Congenital Abnormalities of Reproductive Tract (Pediatric)
What are congenital abnormalities of the reproductive tract?
This term refers to a variety of structural disorders of the reproductive tract (vagina, cervix, uterus and fallopian tubes) that occur while the child is growing in the womb. Congenital abnormalities of the reproductive tract occur in a few percent of the female population, and may affect:
- The External Genitals. This includes a swollen clitoris or fused labia (when the folds of tissue around the opening of the vagina are joined together).
- The Hymen. The hymen is a thin tissue that partly covers the opening of the vagina. An imperforate hymen completely blocks the vaginal opening and prevents the passage of menstrual blood which leads to pelvic pain during puberty. Sometimes, the hymen has only a very small opening which can cause difficulty with tampon use.
- The Uterus and Cervix. A range of disorders are possible, from the absence of the uterus and cervix to a duplicated (double) uterus and cervix to half a uterus with a cervix to a normal shaped uterus with a wall down the middle of the uterus (septum). With some of these abnormalities, it is common for a girl to also be missing a kidney. A baby girl may be born with an extra cervix and uterus, a half-formed uterus, or a blockage of the uterus. Usually, girls born with half a uterus and half a vagina are also missing the kidney on the same side of the body.
- The Vagina. The vagina may have a blockage, may be duplicated due to the presence of a wall down the middle of the vagina, or could be absent.
- The Ovaries. The ovaries have a different developmental origin from the reproductive tract tissues; disorders of the ovary (absent ovary, ovary in an unusual location, etc.) are very rare.
These abnormalities can be caused by abnormal or missing genes, but most females with these conditions have no genetic abnormality.
A developmental disorder may be obvious as soon as the child is born, or it may be diagnosed during puberty or after menstruation has begun. For some females, a congenital disorder of the reproductive tract is not identified until they are pregnant or trying to conceive.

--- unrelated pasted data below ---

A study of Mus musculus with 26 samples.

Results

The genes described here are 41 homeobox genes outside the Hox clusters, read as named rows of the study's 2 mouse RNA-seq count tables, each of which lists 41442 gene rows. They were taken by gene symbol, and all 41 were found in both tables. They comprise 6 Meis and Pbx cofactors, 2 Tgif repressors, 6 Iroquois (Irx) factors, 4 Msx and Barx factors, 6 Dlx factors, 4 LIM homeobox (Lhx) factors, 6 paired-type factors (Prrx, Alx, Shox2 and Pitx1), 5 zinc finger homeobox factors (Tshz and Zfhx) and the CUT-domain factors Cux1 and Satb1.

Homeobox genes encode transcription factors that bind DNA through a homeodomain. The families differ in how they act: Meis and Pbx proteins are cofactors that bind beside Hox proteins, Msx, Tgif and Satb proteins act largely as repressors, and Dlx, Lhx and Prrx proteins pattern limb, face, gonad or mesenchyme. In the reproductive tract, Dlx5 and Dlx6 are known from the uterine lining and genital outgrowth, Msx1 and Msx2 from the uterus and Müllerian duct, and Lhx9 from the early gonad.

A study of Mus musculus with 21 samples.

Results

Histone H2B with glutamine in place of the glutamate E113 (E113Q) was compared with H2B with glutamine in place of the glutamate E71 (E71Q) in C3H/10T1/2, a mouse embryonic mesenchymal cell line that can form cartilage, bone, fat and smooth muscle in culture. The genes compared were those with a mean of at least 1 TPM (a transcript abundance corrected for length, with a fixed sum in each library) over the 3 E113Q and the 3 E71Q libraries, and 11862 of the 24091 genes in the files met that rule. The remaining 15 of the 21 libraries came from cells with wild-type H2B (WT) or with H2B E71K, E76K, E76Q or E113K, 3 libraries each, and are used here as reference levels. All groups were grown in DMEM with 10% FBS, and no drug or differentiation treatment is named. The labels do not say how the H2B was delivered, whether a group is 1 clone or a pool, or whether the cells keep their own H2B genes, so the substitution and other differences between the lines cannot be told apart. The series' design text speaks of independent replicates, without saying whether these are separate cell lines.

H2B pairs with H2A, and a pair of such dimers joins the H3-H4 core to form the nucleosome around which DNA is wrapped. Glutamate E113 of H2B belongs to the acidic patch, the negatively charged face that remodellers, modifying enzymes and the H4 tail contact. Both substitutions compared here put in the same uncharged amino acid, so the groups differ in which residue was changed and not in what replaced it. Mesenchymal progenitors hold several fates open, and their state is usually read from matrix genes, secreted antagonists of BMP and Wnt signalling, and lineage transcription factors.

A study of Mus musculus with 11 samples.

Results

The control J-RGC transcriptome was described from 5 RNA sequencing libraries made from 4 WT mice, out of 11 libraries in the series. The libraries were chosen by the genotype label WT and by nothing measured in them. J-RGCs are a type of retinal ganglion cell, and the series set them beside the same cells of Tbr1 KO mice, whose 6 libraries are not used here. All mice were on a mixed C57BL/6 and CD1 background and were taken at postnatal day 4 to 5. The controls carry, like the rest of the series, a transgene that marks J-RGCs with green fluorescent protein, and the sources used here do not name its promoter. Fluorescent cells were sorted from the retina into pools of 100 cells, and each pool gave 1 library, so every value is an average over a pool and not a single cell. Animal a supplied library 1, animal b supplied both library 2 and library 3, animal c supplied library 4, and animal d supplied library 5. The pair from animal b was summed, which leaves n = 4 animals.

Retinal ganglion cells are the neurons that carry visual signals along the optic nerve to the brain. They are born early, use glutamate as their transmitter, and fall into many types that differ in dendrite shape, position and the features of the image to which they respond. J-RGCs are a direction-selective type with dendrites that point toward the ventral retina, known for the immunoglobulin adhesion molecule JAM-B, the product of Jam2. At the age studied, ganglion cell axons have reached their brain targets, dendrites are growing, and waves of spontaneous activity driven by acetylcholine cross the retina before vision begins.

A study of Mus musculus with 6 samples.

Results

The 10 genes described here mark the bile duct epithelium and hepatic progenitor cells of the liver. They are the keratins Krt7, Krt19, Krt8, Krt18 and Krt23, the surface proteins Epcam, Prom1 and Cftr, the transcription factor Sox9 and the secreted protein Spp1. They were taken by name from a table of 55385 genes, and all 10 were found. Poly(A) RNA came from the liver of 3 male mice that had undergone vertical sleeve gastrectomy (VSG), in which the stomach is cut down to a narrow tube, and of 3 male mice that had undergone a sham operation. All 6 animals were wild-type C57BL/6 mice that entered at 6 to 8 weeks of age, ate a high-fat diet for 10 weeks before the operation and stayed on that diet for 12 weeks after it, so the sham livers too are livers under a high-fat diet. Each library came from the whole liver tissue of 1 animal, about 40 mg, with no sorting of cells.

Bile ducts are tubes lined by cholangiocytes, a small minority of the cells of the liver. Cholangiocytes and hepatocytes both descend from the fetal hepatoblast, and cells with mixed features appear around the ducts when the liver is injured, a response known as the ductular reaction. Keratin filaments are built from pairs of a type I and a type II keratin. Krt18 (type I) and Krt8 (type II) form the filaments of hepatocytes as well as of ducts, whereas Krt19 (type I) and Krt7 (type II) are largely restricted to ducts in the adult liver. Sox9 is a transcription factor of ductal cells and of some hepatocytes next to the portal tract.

Disorders of the reproductive tract may be accompanied by congenital disorders of the urinary tract, kidneys, and spine.
What are the symptoms associated with a congenital abnormality of the reproductive tract?
Symptoms vary according to the girl’s age and condition.
Signs apparent in infancy may include:
- Abnormal vaginal opening
- Genitals that are hard to identify as a girl or boy (ambiguous genitalia)
- Labia that are stuck together or unusual in size
- No openings in the genital area or a single rectal opening
- Swollen clitoris
As the female matures, symptoms may include:
- No menstruation (amenorrhea) by age 15 despite normal female development
- Monthly cramping or pain, without menstruation
- A lump in the lower abdomen, usually caused by blood or mucus that cannot drain appropriately
- Painful menstruation that worsens with time
- Menstrual overflow with tampon use (a sign of a second vagina)
- Pain with intercourse
- Repeated miscarriages or preterm births (may be due to an abnormal uterus)
How is a congenital abnormality of the reproductive tract diagnosed?
Our specialists in pediatric gynecology can detect some abnormalities on physical examination. Further diagnostic tests may include:
- Karyotyping (genetic testing)
- Testing of Hormone levels
- Ultrasound or MRI of the pelvic area.
- Exam under anesthesia
What is the treatment for congenital abnormalities of the reproductive tract?
- Surgery. There are certain disorders of the reproductive tract that can be corrected with surgery. If there is a blockage of the vagina and/or uterus, surgical repair is necessary to fix this problem. Although some surgeries for reproductive disorders may be performed on infants, most procedures are delayed until the child is older and has started to menstruate.
- Dilator. If a girl is born without a vagina, there options for creating a vagina for her once she has gone through puberty. The simplest effective treatment is to use a dilator; this device is used to stretch or widen the area where the vagina is supposed to be. This nonsurgical therapy takes four to six months to create a new vagina
- Emotional Support. This is key for families of children diagnosed with abnormalities of the reproductive organs. As the girls get older, we also recommend counseling and support groups for them.